Earlier this summer Kayla Lenhart, 14, was recovering from heart surgery. Now the Lewistown teenager is showing livestock at The Great Frederick Fair and planning a trip to the World Dairy Expo.

“She did phenomenal after the surgery,” said her mother, Brenda Lenhart. “The doctors expected her to be down for a little while. But all she kept saying was 'I want to show. I want to show.'”

Lenhart was born with hypoplastic left heart syndrome, which means the left side of her heart is underdeveloped. The July surgery replaced the battery in her pacemaker, which was implanted about six years ago.

She will need follow-up medical care for the rest of her life.

Brenda Lenhart said she's happy that her daughter returned to showing livestock so quickly after the surgery.

“She's very strong-willed,” she said.

So far this year, Kayla has won awards at the Maryland State Fair in Timonium and the American Dairy Show in Harrisburg, Pa. She plans to show at the World Dairy Expo in Madison, Wis., in October.

Kayla brought Ginger, an Ayrshire fall calf, and Rianna, a 2-year-old Brown Swiss, to the fair in Frederick this year.

Both cows will be in the supreme champion show tonight.

Lenhart has four cows, ranging in age from less than a year to 4 years old. She started showing cows when she turned 8 years old, the minimum requirement for 4-H.

“I get really attached to my cows,” she said Thursday inside one of the fairgrounds' dairy barns.

She feeds her cows every morning before school, and then she comes home to wash and walk them each afternoon.

Donielle Axline, 4-H Youth Development Extension educator, said raising livestock teaches children in the 4-H program how to balance demands in life and helps them develop a strong work ethic.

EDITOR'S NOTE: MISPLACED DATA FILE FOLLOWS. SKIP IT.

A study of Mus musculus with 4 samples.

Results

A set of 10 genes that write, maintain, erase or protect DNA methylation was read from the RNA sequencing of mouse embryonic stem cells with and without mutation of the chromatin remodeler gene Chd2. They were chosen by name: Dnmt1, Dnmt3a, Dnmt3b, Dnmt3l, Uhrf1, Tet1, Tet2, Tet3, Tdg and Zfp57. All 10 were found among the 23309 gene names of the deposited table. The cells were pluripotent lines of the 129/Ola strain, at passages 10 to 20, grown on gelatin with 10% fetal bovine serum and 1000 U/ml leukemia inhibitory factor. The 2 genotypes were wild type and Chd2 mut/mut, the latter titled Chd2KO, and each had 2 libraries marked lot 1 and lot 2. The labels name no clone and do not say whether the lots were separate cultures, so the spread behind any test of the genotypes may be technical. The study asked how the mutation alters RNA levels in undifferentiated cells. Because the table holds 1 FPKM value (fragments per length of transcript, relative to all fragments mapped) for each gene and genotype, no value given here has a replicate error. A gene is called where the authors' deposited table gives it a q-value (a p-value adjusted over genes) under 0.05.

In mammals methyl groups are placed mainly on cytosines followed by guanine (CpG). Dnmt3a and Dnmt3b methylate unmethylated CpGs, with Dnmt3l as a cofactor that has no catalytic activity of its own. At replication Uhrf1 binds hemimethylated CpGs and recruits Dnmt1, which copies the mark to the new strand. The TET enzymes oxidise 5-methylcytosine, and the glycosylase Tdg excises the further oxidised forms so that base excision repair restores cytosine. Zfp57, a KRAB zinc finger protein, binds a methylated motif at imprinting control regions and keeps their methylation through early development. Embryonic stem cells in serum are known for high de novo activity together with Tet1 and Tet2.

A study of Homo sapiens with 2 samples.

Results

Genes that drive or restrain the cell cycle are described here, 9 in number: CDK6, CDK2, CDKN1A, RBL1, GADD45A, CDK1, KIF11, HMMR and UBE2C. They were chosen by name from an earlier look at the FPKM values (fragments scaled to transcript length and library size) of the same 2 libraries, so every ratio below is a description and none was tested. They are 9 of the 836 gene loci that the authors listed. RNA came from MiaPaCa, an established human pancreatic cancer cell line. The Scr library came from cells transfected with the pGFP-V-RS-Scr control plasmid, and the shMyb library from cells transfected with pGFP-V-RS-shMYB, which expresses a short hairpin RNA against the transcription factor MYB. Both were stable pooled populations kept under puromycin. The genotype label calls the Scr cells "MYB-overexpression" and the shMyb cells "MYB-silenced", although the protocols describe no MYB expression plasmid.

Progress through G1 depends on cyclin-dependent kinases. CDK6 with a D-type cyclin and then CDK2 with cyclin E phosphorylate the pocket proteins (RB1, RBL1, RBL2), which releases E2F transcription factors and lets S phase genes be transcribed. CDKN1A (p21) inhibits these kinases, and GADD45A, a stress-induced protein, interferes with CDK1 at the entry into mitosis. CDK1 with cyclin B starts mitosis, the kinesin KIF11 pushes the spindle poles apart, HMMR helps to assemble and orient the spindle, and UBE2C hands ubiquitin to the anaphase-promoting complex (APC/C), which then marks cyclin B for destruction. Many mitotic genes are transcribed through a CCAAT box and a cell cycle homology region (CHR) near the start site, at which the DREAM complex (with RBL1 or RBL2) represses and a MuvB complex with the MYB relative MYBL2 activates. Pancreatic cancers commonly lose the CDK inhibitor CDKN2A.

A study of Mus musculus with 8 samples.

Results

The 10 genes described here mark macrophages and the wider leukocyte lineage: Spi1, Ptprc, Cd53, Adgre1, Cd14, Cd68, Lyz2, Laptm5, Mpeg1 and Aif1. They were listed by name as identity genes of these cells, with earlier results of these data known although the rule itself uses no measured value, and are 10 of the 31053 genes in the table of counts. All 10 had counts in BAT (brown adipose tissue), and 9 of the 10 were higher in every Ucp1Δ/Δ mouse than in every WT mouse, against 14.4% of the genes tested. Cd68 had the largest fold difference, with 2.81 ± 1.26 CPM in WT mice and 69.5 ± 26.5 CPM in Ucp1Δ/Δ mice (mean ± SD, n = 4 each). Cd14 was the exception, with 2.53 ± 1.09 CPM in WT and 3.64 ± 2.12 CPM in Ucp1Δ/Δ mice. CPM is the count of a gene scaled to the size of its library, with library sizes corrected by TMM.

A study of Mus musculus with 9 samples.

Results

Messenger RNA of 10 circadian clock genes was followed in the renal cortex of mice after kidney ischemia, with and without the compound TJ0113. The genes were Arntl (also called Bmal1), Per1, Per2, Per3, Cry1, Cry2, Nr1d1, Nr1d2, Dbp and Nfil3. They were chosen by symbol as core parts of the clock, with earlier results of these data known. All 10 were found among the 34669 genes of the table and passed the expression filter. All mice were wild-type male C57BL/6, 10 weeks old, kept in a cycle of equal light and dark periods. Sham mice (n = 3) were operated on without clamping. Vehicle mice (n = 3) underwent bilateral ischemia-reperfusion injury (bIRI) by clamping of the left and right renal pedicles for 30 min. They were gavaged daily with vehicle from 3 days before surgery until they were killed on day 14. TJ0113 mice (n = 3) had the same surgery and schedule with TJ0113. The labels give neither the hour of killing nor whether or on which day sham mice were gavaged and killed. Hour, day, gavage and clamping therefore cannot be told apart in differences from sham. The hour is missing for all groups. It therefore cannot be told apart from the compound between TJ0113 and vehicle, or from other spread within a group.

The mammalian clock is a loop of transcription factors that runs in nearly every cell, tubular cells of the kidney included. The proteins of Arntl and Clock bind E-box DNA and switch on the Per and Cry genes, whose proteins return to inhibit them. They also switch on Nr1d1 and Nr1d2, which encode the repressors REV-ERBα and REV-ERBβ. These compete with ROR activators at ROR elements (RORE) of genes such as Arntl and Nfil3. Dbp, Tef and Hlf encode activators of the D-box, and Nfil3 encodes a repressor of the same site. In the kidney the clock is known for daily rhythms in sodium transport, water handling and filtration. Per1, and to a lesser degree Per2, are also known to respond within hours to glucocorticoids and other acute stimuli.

There are 350 children with livestock projects at the fair this year and a total of 500 4-H children involved, Axline said.

“It teaches youth at a very young age time management skills and how to be responsible,” she said. “They also get to learn about animals and make sure they're just as healthy as a parent would want their child to be healthy.”

Brenda Lenhart said she is proud of Kayla's success.

“She has a really good animal this year, and she's able to show,” she said. “She's done very well.”

Follow Danielle E. Gaines on Twitter: @danielleegaines.

Danielle E. Gaines covers politics and government in Frederick County, splitting her time between Winchester Hall and The State House. Having grown up in Illinois, she lived in New York and California before settling in Maryland.

(1) comment


Wonderful story! Thanks for showcasing Kayla, she's a great girl.

Welcome to the discussion.

Keep it clean. Please avoid obscene, vulgar, lewd, racist or sexually-oriented language.
Engage ideas. This forum is for the exchange of ideas, insights and experiences, not personal attacks. Ad hominem criticisms are not allowed. Focus on ideas instead.
Don't threaten. Threats of harming another person will not be tolerated.
Be truthful. Don't knowingly lie about anyone or anything.
Be nice. No racism, sexism or any sort of -ism that is degrading to another person.
No trolls. Off-topic comments and comments that bait others are not allowed.
No spamming. This is not the place to sell miracle cures.
Say it once. No repeat or repetitive posts, please.
Help us. Use the 'Report' link on each comment to let us know of abusive posts.